He seems Nicene
Semiretired (he just doesn't know it yet) rightwing blogger Erick Erickson has found a new cause, now that Never-Trumping hasn't worked out for him so well. You could even call it a crusade, and he would probably be fine with it. Erickson just wants to warn all Christians that Donald Trump is allowing an actual factual HERETIC to say a prayer at his inauguration, and this should outrage all real Christians who believe in the Trinity. Frankly, Erickson seems astonished that more people aren't more upset that Paula White, a "prosperity Gospel" scam artist Trump simply lurves, will be allowed to stand in front of American Jesus's Capitol and say a prayer to the wrong kind of Jesus. His biggest problem with White isn't that she's a swindler (though he's no fan of the "prosperity Gospel" folks), but her serious theological error. Here's video proof of her rejecting Jebus!
And here's Erick, son of Erick, waxing wroth about it (which is one of the few things Christians can wax without offending the Almighty):
Paula White is a trinity denying heretic. She rejects the Council of Nicaea’s creed that every Christian accepts. To reject the orthodoxy of the Nicene Creed is to reject Christianity itself [...]
Why does it matter? I don’t think anyone thinks Trump takes his faith serious (if at all), but Paula White claims to do so and claims to be a Christian. The President of the United States putting a heretic on stage who claims to believe in Jesus, but does not really believe in Jesus, risks leading others astray. Christians have an obligation to speak in defense of their faith. Trump letting this heretic pray in Jesus’s name should offend every Bible believing Christian.
Erickson even gives us a thumbnail history of the Council of Nicea (325 CE), convened by the Roman emperor Constantine to settle the burning question of whether Jesus was the only begotten son of God, or whether he was merely "the first fruit of creation." The belief that Christ was a Son of God, but not the only Son Of God, is known as the Arian Heresy, after some heretic named Arius who believed that Jesus was "made of a similar substance, but was not God," as Erickson explains. Among those who conclusively put that bit of heresy to rest was St. Nicholas of Myra, whom of course we now call Santa Claus. Yes, the very same warrior-ninja-saint whose fight against the Arian Heresy was so effectively dramatized in Kirk Cameron's Saving Christmas!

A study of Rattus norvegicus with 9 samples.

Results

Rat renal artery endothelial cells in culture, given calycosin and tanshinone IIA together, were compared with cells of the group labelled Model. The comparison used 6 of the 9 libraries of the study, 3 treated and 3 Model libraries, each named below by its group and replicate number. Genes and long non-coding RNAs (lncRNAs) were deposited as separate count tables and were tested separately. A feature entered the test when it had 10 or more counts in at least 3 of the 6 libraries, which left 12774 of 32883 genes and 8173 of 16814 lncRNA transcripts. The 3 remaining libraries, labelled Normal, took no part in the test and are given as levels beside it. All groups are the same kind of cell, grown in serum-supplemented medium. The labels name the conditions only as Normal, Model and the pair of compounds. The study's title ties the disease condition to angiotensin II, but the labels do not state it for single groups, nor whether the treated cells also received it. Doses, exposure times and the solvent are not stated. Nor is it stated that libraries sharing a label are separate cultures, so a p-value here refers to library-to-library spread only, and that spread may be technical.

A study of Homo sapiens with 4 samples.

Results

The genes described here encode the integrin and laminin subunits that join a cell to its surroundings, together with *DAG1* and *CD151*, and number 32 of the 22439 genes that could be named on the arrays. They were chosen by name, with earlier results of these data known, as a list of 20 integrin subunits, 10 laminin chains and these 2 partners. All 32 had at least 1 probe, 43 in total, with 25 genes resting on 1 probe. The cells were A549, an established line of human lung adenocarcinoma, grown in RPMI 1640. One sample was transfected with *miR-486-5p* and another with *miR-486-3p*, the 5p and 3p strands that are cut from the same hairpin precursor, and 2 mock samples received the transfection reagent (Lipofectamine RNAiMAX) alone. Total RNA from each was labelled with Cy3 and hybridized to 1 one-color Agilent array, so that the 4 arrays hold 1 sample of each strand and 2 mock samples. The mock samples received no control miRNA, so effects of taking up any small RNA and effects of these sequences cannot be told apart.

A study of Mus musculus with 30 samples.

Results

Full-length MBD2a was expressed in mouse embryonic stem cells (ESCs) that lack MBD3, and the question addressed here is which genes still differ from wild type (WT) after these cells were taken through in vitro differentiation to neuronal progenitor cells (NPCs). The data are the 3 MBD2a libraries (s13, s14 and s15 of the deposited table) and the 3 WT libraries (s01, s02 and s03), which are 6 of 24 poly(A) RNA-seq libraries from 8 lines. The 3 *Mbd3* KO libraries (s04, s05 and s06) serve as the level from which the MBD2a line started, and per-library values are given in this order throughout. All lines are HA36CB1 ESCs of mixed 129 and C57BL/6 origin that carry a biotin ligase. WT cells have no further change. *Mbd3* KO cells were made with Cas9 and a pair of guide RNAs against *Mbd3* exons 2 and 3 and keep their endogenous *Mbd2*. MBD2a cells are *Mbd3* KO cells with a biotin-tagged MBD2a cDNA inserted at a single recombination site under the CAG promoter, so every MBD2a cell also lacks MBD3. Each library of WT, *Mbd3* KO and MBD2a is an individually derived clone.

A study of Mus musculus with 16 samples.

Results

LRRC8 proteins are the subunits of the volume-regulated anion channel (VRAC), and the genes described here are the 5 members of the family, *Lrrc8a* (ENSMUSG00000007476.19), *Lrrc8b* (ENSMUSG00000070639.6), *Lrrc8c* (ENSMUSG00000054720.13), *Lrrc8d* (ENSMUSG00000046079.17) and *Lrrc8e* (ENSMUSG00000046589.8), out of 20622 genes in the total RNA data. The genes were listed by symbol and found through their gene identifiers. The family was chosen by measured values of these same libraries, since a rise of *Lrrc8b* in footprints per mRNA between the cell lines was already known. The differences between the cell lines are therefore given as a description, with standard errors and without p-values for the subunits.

That council produced the Nicene Creed, which includes the profession that a Christian believes "in one Lord Jesus Christ, the only-begotten Son of God, / Begotten of his Father before all worlds," which is central to Christian orthodoxy. Erickson gets quite het up about this:
This is literally 1,691 year old settled orthodoxy of every Christian denomination. Presbyterians, Catholics, Orthodox, Methodists, Baptists, Anglicans, and other Christian denominations, along with a few Episcopalian churches all say this creed. [...]
So it should be a pretty damn big deal that Donald Trump is inviting to pray at the inaugural an actual, factual heretic who rejects the Nicene Creed.
Thing is, Erickson's right, as any theology student would agree: the Trinity, and the Nicene Creed, are indeed integral to all Christian denominations. Of course, he's also overlooking the unfortunate reality that wide swaths of Christians fall short on doctrine, and some even believe you can make it to Heaven just by being nice to people, which is one of those sure paths to damnation that Chick Tracts warned about all the time. If you get right down to it, a whole lot of Christians are doing heresy all the time -- just ask any other group of Christians. Believing the wrong details about your invisible friend will get you sent straight to hell.
Still, Erick Erickson is pretty darn angry that Donald Trump would allow an actual heretic to take the stage at his Inauguration, to mislead the easily duped (which of course is Trump's political business model in the first place):
I’d rather a Hindu pray on Inauguration Day and not risk the souls of men, than one whose heresy lures in souls with promises of comfort only to damn them in eternity. At least no one would mistake a Hindu, a Buddhist, or an atheist with being a representative of Christ’s kingdom.
Oddly, Erickson gives a pass to Jews, who not only reject the Trinity, but reject the divinity of Jesus altogether, but like any good Evangelical, he knows Jews are really just potential Christians who haven't quite figured out who the Messiah was, so they get into the Judeo-Christian America club. Some Jews don't think that's the greatest idea ever, for some reason.
Happily, Erickson finds a way to blame this sad decline in doctrinal purity on Barack Obama:
Barack Obama was the first President to mention atheists in his inaugural address and Donald Trump will now go a step beyond that. He is inviting an actual trinity-denying heretic to pray at his inauguration.
Erickson at least falls well short of calling for Paula White to be stoned to death, which is very New Testament of him; he'd probably be satisfied with her being uninvited from the inaugural prayer-fest. For our part, we'd be satisfied with a vigorous audit of how much she's bilked from her followers.